Usually when people say, “they don’t make ‘em like they used to,” it’s a compliment. However, for most of Roy Hibbert’s career, that hasn’t been the case. Right now though, in the 2013 postseason, he's peaking and giving the Indiana Pacers the one thing that most NBA teams lack.
It’s common knowledge that NBA centers are a dying breed. What used to be a position held down firmly by large humans with thick legs and broad shoulders, is now relegated to spindly dudes with pick and pop ability. Doesn’t matter how many people miss how things used to be, the truth is, the ship has sailed and it’s not likely to come back anytime soon. For the teams that have legit size in the middle, assuming other parts of the team are adequate, it’s a strong advantage.
Roy Hibbert’s rep has always been one of confusion. He doesn’t have the requisite skill-set to be a modern era big man, nor does he have the ability (or seemingly the will) to play the game in the fashion of his big man predecessors like Bill Cartwright. He roams around like a gentle giant, which wouldn’t be so bad, if his on-court numbers weren’t so disappointing. He is all of 7’2 and, at 280 pounds, is a hard mountain to move. Yet, his career rebounding average is 6. 8 per game. That’s ridiculous.
Thankfully for him, the Pacers still have faith in his ability. He made strides last year and the Pacers awarded him with a brand new four-year extension. The plan being that he would be the defensive anchor for one of this generations’ dominant defensive squads.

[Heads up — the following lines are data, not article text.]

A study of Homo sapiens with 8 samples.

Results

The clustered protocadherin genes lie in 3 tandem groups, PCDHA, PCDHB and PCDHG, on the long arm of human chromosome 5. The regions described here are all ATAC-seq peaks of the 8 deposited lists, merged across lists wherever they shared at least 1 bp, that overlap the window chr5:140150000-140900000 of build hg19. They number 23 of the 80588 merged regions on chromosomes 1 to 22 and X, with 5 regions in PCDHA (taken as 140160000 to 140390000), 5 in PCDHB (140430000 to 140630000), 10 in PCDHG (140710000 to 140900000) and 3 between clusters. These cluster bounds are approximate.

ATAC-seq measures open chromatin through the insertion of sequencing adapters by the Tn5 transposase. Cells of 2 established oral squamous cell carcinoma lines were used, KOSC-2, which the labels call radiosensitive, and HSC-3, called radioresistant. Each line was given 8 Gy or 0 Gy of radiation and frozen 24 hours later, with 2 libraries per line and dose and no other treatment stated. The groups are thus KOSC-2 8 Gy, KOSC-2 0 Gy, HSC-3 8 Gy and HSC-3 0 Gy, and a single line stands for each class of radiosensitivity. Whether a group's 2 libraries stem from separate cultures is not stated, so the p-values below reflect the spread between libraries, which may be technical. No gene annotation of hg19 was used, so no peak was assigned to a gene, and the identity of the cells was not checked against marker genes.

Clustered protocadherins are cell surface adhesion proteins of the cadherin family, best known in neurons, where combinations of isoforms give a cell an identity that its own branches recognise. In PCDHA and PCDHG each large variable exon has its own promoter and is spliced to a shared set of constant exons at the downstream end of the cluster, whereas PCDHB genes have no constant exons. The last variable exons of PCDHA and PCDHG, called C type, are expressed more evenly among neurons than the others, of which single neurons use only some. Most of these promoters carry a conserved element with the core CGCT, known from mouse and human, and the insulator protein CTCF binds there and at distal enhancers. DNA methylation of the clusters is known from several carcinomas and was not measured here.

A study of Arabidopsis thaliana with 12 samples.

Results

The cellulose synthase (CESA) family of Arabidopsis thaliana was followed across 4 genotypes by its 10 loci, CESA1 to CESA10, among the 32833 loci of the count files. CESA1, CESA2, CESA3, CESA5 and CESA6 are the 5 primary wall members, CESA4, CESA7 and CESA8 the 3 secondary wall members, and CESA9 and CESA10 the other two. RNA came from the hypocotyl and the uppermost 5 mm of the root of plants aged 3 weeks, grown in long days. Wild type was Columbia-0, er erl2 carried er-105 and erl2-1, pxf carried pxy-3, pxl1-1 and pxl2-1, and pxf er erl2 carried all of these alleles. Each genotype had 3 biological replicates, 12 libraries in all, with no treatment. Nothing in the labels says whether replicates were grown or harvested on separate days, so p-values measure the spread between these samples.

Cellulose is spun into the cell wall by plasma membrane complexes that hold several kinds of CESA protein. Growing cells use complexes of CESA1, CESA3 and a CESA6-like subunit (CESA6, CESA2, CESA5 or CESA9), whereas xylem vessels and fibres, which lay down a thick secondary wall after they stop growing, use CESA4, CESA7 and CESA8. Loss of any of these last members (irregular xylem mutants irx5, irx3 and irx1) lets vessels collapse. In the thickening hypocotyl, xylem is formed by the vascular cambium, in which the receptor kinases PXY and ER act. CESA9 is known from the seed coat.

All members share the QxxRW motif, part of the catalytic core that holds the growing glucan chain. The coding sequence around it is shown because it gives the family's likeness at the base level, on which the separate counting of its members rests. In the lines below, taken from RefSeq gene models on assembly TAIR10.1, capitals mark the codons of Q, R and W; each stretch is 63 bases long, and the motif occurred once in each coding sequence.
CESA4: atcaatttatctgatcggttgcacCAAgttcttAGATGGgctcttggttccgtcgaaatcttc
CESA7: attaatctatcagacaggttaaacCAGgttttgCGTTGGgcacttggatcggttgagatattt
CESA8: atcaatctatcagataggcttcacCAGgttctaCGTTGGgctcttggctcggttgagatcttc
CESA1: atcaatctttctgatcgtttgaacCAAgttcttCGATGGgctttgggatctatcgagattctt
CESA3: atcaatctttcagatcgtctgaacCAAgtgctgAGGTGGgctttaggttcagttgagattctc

The Pacers have become that team, right at the top of the League in all of the pertinent defensive categories. However, they did it most of this year in spite of Hibbert, who backslid early on in the season and brought up the same underachiever questions that have hovered above him his whole career.
He turned it the second half of the year. In the postseason though, he’s really standing out, bumping his regular season rebound average of 8.3, up to 9.1. That one number increase might not sound like much to the uninitiated, but a few more offensive rebounds here and there, can be the difference between losing and advancing in the postseason.
His Game 3 Eastern Conference semifinal performance against the NY Knicks is a perfect example of that. He was unquestionably dominant. His 24 points (his postseason average up until then was 13.5) and 12 rebounds – including eight offensive boards – led the way to a relatively easy Indiana victory. He outplayed Knicks center Tyson Chandler on both ends of the court, and in this series has been a defensive buzzkill. When he’s not blocking shots, like the five he had in Game 1, he altering them. No-joke scorers like Carmelo Anthony and JR Smith have repeatedly gotten to the paint and missed easy shots, intimidated by Hibbert’s presence.
During the first three games of the series he’s had a coming out party, introducing himself to the average fan and reminding the rest of the remaining teams that if they play Indiana, they are gonna have to deal with him and his size. Other than the Grizzlies' Marc Gasol, there isn’t a center left that can match up with him on paper. For Hibbert, the challenge is to make what’s on paper a reality. He can’t get complacent or lose intensity. As long as he stays consistent, which has always been his issue, the Pacers have a puncher’s chance of getting to the Finals.